The DNAinfo archives brought to you by WNYC.
Read the press release here.

Developer Pushed to Shrink 'Modern Flatiron' Tower on Sixth Avenue

 Community Board 2 members said June 12, 2013 that a condo tower planned for Sixth Avenue and Broome Street is too tall for the area.
CB2 Wants Developers to Shrink Planned Condo Tower
View Full Caption

GREENWICH VILLAGE — An 18-story residential building proposed for Sixth Avenue is too tall for the neighborhood, residents said at a public meeting Wednesday.

Members of Community Board 2's land use committee want the city to force Madison Equities and Property Markets Group to reduce the height of the condo tower they're planning for the site of a shuttered car wash at Sixth Avenue and Broome Street.

Worried that the new building at 120 Sixth Ave. would block light and stick out among its low-rise neighbors, board members and local residents want the city Board of Standards and Appeals to limit the building's height. The developers need approval from the BSA to proceed because the land is zoned for industrial, not residential, use.

"We want it down as far as it can go," said board member Terri Cude.

But Madison Equities CEO Robert Gladstone said the building devised over the past three years needs to be as tall as it is in current plans in order to be financially viable.

"This is the lowest building we can build," he said. "Height gives value."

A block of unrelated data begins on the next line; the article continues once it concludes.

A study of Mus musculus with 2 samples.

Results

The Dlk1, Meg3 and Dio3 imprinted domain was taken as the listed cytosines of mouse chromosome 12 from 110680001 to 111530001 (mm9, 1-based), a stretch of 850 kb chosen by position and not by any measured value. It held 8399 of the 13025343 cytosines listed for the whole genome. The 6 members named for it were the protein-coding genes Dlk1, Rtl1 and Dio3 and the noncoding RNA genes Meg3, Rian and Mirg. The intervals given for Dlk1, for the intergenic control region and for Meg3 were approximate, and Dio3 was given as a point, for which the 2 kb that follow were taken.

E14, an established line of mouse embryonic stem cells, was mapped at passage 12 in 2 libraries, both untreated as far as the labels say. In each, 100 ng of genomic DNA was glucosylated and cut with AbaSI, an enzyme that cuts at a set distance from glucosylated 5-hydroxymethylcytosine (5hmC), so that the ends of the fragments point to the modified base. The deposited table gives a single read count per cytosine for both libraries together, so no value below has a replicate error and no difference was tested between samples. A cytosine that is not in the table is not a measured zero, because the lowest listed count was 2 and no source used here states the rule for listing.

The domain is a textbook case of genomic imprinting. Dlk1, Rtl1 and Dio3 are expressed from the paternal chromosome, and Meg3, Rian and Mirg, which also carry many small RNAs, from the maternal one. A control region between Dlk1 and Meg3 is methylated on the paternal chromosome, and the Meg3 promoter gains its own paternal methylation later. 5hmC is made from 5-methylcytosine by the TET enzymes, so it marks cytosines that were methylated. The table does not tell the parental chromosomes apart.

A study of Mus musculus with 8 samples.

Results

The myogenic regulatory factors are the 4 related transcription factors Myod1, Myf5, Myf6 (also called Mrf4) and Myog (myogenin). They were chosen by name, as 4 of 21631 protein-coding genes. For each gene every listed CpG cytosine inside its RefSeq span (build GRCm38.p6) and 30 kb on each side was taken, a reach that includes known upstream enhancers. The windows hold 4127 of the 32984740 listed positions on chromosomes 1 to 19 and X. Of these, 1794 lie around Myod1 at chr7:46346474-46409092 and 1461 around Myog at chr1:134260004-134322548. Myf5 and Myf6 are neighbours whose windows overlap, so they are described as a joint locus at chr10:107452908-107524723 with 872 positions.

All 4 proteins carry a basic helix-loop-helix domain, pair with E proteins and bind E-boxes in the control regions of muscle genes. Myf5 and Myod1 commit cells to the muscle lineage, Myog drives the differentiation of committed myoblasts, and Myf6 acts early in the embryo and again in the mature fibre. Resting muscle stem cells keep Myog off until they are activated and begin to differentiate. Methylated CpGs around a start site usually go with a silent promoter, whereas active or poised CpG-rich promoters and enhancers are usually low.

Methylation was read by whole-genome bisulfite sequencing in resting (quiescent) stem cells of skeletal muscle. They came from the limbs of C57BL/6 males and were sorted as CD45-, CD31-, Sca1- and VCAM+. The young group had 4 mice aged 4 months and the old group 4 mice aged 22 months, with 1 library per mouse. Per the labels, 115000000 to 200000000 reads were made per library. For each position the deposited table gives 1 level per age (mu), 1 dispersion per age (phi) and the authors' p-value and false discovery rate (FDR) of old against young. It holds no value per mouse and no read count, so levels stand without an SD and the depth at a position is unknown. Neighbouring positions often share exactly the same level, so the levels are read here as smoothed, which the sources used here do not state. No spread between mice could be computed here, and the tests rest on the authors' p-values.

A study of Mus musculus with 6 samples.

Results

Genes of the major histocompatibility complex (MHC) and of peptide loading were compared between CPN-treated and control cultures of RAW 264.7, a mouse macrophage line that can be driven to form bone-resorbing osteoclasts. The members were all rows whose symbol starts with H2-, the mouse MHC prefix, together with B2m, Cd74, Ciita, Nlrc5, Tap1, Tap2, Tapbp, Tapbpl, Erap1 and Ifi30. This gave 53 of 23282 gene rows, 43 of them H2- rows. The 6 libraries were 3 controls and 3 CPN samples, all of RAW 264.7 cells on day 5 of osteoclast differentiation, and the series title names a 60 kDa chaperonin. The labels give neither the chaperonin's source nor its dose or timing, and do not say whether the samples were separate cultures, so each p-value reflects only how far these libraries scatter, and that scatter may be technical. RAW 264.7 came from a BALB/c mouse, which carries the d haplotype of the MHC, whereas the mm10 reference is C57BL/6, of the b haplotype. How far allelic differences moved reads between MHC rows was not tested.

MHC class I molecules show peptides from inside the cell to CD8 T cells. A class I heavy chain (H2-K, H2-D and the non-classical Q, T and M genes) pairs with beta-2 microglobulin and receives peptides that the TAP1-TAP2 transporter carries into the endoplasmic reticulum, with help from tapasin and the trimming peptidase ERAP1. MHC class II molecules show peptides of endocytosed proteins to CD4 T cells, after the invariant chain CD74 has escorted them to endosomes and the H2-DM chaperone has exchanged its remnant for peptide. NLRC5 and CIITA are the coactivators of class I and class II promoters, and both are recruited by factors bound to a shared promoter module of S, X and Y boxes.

At Wednesday's meeting, architect Cary Tamarkin of Tamarkin Co. presented plans for a 223-foot building covered in blond bricks, calling the wedge-shaped structure a "modern Flatiron."

It looked more like an "eyesore," to Thompson Street resident Jicky Schnee, though. The actress and artist rejected the developer's and architect's references to the heights of the nearby James Hotel and Trump SoHo Hotel as a way of justifying the new building's 18 stories.

"You're using buildings like The James as a comparable, but those are buildings that have been fought over for the last seven to 10 years," she said.

CB2 member Frederica Siegel asked the developers to turn private gardens behind four 4,500-square-foot townhouses that are also part of the project into public green space.

"That's an amenity they should cultivate, not turn their backs on Sixth Avenue," she said.

CB2 will issue an advisory vote on the project at its full board meeting 6 p.m. June 20.